The world is changing fast and to keep up you need local knowledge with global context.
By Jackie Cameron
- As South Africa enters its second week of government-imposed lockdown, the country has been praised globally for leading efforts to stop Covid-19 in its tracks on the African continent. In a report on Covid-19 in Africa, international news agency Bloomberg says the crisis has also spurred innovation and goodwill – with all examples emanating from South Africa. These examples include AngloGold Ashanti, the world’s third-largest gold producer, making two hospitals available with hundreds of beds in South Africa’s North West and Gauteng provinces. SA fuel and chemicals company Sasol producing alcohol for hand sanitizers and disinfectants. And supermarket giant Shoprite is paying “appreciation bonuses” to its shop-floor and distribution-center employees for their efforts to keep supplies flowing.
- With economic activity almost at a standstill, around half of the jobs in all of Africa are at risk. That’s the warning from Bloomberg, which says that Africa may be two to three weeks away from the height of a coronavirus outbreak, but its impact is already wreaking havoc on the production and movement of goods and raw materials in, out and around the continent. At least 31 of the region’s 54 countries imposing full border closures, according to the Addis Ababa-based African Centres for Disease Control, it says. “The precaution has made it difficult for key exports that countries rely on to generate income to reach their destinations. In landlocked Zambia — the continent’s second-biggest copper producer — companies that usually truck output to Durban for shipment are having to find alternate routes after South Africa scaled down operations at bulk terminals.” In Kenya, the largest exporter of flowers to Europe, growers are destroying about 50 tons of fresh blooms daily due to supply-chain disruptions, says Bloomberg. Most of South Africa’s iconic mines, which employ more than 450,000 people and are the world’s biggest source of platinum and palladium, have been idled in a 21-day lockdown, forcing Impala Platinum, the No. 2 global producer, to notify customers and suppliers it is unable to meet contractual obligations, says Bloomberg, adding that more than 51% of Africa’s exports are bound for countries that are highly affected by the virus.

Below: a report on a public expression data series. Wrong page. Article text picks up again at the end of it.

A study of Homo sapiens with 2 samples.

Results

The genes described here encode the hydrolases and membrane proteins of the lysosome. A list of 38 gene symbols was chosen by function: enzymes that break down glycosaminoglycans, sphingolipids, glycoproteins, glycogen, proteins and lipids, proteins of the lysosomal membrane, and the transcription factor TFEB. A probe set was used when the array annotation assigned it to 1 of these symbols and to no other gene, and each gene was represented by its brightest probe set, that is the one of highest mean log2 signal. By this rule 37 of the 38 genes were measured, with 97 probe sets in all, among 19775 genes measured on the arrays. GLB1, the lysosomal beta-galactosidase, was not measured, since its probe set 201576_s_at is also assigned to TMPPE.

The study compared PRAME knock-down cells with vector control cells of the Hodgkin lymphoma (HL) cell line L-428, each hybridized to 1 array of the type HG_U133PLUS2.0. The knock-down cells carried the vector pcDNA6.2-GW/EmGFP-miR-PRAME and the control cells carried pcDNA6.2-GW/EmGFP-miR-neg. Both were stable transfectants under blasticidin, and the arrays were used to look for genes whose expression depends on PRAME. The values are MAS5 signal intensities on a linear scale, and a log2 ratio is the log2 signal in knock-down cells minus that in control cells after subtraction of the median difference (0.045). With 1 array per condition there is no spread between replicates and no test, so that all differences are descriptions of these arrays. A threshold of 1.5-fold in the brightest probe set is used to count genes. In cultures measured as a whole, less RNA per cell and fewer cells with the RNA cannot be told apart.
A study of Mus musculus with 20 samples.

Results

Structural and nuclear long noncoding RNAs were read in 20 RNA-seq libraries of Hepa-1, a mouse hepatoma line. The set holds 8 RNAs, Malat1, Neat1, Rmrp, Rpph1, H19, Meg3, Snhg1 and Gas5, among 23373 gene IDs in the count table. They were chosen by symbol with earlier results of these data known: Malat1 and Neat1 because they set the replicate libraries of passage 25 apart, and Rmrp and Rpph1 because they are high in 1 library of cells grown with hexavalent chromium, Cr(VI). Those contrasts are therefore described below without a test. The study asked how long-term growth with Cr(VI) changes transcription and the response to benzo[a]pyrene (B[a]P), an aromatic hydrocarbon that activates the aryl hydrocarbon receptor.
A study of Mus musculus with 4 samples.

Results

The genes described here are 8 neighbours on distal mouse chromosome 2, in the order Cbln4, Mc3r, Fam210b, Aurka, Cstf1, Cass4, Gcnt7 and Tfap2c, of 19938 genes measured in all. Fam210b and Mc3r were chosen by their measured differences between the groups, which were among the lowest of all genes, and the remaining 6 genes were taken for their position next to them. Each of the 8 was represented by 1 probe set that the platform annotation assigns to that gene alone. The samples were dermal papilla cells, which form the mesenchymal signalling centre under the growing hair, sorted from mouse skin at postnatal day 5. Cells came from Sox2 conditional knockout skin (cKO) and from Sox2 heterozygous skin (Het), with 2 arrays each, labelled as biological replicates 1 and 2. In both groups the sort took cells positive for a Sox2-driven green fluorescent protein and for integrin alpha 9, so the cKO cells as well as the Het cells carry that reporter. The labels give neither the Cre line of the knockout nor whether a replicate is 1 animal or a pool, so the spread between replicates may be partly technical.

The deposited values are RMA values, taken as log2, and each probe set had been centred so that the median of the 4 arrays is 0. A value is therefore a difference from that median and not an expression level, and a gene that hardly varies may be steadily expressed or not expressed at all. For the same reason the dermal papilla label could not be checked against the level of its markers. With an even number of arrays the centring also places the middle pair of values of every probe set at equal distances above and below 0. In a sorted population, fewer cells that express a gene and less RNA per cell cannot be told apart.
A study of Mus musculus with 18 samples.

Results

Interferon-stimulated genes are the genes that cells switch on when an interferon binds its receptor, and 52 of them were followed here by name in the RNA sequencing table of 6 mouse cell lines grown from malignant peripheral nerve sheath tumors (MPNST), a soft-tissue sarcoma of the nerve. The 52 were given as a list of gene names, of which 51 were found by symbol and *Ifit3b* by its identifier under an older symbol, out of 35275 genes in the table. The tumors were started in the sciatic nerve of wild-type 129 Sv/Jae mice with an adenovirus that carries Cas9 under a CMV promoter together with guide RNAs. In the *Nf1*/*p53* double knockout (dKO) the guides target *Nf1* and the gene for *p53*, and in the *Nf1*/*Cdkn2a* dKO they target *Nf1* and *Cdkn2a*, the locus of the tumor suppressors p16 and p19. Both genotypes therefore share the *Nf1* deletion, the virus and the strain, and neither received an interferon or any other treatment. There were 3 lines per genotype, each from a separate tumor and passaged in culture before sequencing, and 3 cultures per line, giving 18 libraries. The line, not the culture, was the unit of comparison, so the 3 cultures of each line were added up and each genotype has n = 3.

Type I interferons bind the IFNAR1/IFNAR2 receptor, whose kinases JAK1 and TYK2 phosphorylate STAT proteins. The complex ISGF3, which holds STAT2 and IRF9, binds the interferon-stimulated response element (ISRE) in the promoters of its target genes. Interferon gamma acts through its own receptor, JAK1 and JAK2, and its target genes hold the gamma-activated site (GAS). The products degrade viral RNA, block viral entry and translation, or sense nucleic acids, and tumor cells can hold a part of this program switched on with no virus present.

- Global Property Research, which tracks property indices, says Africa is leading prices of the world’s listed real estate companies downwards and warns international investors that SA companies want a two-year reprieve from paying dividends. “Amid rising uncertainty and the widening economic fallout of the coronavirus pandemic, the South African Real Estate Investment Trust (SA REIT) Association has made an urgent request to the National Treasury to provisionally relax REIT tax rules in the country. In terms of REIT tax laws that came into effect in 2013, Johannesburg Stock Exchange-listed property funds must pay out 75% of their taxable income to investors in order to be a REIT and benefit from not having to pay dividend taxes,” it tells its global audience. “However, with South Africa’s economic woes bringing on a recession in the 2019 calendar year, several REITs have been reducing dividend payouts to strengthen their balance sheets. And with the coronavirus pandemic exacerbating the country’s economic rut and the property industry facing its worst-ever conditions, SA REIT is asking for a two-year reprieve from paying out dividends,” it says in a report.
- Shares in MTN leapt as much as 18% on Thursday, helped by signs that the oil market could stabilise after a slump in prices. MTN operates in 21 markets across Africa and the Middle East and has exposure to a number of oil-producing countries such as Nigeria, which is its biggest market accounting for a third of its revenue, and Iran, says Reuters. “Investors said MTN was also being helped by the fact it had underperformed its rivals in recent weeks and had paid a good dividend on Wednesday,” it adds.